PM’s e-boat initiative in Varanasi hits rough weather
The 11 e-boats, distributed by the PM to boatmen in Varanasi last year, are anchored at Assi Ghat since July as its solar battery-operated motors have been taken off.lucknow Updated: Sep 08, 2017 13:24 IST
The campaign launched by Prime Minister Narendra Modi to keep the Ganga pollution-free has landed in troubled waters as the solar-powered e-boats have not been operating for the last two months.
The 11 e-boats, distributed by the PM to boatmen in Varanasi last year, are anchored at Assi Ghat since July as its solar battery-operated motors have been taken off.
While the boatmen claim that the Bharatiya Micro Credit (BMC) – the company that supplied the solar-powered motor and batteries – had taken it back from them, the firm denies the allegations.
BMC officials said they had advised the boatmen to take the batteries and motors off as a precautionary measure to avoid technical snags due to rising waters of the river.
“PM Modi gave us e-boats. We were happy as the boats became quite popular among the tourists, especially foreigners. When the monsoon set in, the BMC officials took away the batteries and motors with them. Left with no option, we anchored the boats,” said Vaidyanth Manjhi, a boatman.
“There are no batteries and motors in e-boats. Sometimes, youngsters operate the boats manually,” he added.
Another boatman, Virendra Kumar Nishad, said e-boats had been running since last year and were helping in reducing pollution caused by the diesel engine-operated boats.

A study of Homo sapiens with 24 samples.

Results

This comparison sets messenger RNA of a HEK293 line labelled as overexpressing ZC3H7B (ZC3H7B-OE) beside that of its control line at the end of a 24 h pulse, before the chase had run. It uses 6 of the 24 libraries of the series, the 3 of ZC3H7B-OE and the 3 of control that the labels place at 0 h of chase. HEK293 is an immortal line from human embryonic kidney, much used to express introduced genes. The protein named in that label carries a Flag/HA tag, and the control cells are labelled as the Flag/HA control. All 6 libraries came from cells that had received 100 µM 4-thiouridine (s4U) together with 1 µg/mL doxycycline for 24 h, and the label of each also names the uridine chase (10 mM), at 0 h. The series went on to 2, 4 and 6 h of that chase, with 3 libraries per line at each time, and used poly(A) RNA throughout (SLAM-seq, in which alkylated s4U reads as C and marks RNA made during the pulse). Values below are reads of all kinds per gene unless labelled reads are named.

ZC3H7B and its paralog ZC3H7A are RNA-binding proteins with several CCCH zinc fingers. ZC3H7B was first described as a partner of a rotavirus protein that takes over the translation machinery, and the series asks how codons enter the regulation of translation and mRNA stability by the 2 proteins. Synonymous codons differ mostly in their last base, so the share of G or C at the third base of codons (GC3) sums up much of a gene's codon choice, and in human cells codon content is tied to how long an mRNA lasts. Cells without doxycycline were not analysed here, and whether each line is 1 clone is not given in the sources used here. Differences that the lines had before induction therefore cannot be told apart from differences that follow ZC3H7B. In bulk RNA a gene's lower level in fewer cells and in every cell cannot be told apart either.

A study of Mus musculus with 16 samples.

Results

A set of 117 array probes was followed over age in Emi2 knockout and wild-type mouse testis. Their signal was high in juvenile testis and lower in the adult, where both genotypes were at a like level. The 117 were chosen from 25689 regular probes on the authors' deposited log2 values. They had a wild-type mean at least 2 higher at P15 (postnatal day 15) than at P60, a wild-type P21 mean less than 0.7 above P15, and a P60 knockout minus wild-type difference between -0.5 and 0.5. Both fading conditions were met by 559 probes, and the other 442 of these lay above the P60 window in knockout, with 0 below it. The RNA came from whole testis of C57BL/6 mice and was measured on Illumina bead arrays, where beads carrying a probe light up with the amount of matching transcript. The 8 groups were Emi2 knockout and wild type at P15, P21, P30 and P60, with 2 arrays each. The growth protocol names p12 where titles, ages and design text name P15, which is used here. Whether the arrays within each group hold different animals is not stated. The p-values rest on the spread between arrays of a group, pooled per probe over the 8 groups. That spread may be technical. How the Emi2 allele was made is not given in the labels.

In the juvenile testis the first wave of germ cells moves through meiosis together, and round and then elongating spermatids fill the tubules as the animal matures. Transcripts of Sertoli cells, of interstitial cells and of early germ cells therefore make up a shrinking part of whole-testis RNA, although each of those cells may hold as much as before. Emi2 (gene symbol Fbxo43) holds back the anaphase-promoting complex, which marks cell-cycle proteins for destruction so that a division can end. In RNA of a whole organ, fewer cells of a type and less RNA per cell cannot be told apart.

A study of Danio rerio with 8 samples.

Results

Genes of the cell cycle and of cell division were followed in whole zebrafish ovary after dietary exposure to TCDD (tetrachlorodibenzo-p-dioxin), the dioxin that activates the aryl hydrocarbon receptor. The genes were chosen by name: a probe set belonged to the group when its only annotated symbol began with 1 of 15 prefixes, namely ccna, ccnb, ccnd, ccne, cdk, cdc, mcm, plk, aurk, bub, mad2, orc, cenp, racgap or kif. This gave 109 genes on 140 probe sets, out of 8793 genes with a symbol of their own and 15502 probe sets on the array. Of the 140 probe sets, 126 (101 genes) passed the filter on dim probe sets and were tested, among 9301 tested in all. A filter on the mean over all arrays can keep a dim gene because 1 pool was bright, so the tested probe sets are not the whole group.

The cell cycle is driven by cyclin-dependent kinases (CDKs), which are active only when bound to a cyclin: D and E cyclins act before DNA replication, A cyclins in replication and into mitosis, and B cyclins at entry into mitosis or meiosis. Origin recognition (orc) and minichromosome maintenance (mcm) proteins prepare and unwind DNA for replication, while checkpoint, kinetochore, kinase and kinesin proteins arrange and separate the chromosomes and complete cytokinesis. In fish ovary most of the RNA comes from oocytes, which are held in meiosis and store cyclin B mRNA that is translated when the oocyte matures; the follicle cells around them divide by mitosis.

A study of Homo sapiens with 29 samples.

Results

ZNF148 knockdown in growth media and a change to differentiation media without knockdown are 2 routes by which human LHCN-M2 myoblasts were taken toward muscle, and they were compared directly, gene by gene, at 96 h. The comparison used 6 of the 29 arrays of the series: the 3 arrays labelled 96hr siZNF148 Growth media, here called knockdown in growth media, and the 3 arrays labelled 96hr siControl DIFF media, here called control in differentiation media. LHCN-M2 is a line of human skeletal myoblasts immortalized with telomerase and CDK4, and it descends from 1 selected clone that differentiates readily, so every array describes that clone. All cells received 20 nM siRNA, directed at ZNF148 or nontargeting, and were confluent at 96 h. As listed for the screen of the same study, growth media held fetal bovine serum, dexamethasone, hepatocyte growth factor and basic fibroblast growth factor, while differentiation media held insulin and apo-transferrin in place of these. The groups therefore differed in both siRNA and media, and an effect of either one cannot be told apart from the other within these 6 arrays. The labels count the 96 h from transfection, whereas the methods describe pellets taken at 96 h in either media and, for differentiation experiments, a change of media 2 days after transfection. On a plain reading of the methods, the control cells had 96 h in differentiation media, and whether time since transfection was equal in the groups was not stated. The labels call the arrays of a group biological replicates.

“While the deafening sound of diesel boats affects aquatic life, carbon emitted by engine adds to air pollution,” he said.
“Batteries and motors were taken off by BMC officials after the level of the Ganga started rising. It has been stored somewhere in Kashi,” he added.
Nishad said he spoke to BMC officials who assured him of resetting the batteries and motors in e-boats within a week.
He said charging of batteries along the ghat was a big problem. “Batteries are transported to nearby private chargers. It costs Rs 120 for charging of five batteries together,” Nishad said.
Managing director of BMC Vijay Pandey, however, claimed the boatmen had kept the batteries and motors in their houses.
“E-boats were provided to the boatmen free of cost. They were asked to ensure its maintenance but they are reluctant to do so. As a result, we had to look after the maintenance free of cost,” Pandey said.
“The boatmen are now earning from e-boats. They should ensure its maintenance,” he added.
He said as a precautionary measure, BMC had advised them to remove the batteries and motors as high water level could cause technical snags.
“They have the batteries and now that the water level has receded, it will will be fitted back into their boats soon,” Pandey said.
The Prime Minister had provided e-boats to 11 boatmen in his parliamentary constituency Varanasi on May 1, 2016.
BMC had converted six diesel engine boats into e-boats and bought five new e-boats. The boat generates no sound and sails at a speed of 10 nautical miles per hour.
According to the air quality data released by the Central Pollution Control Board in February this year, Varanasi figures among five most polluted cities of Uttar Pradesh.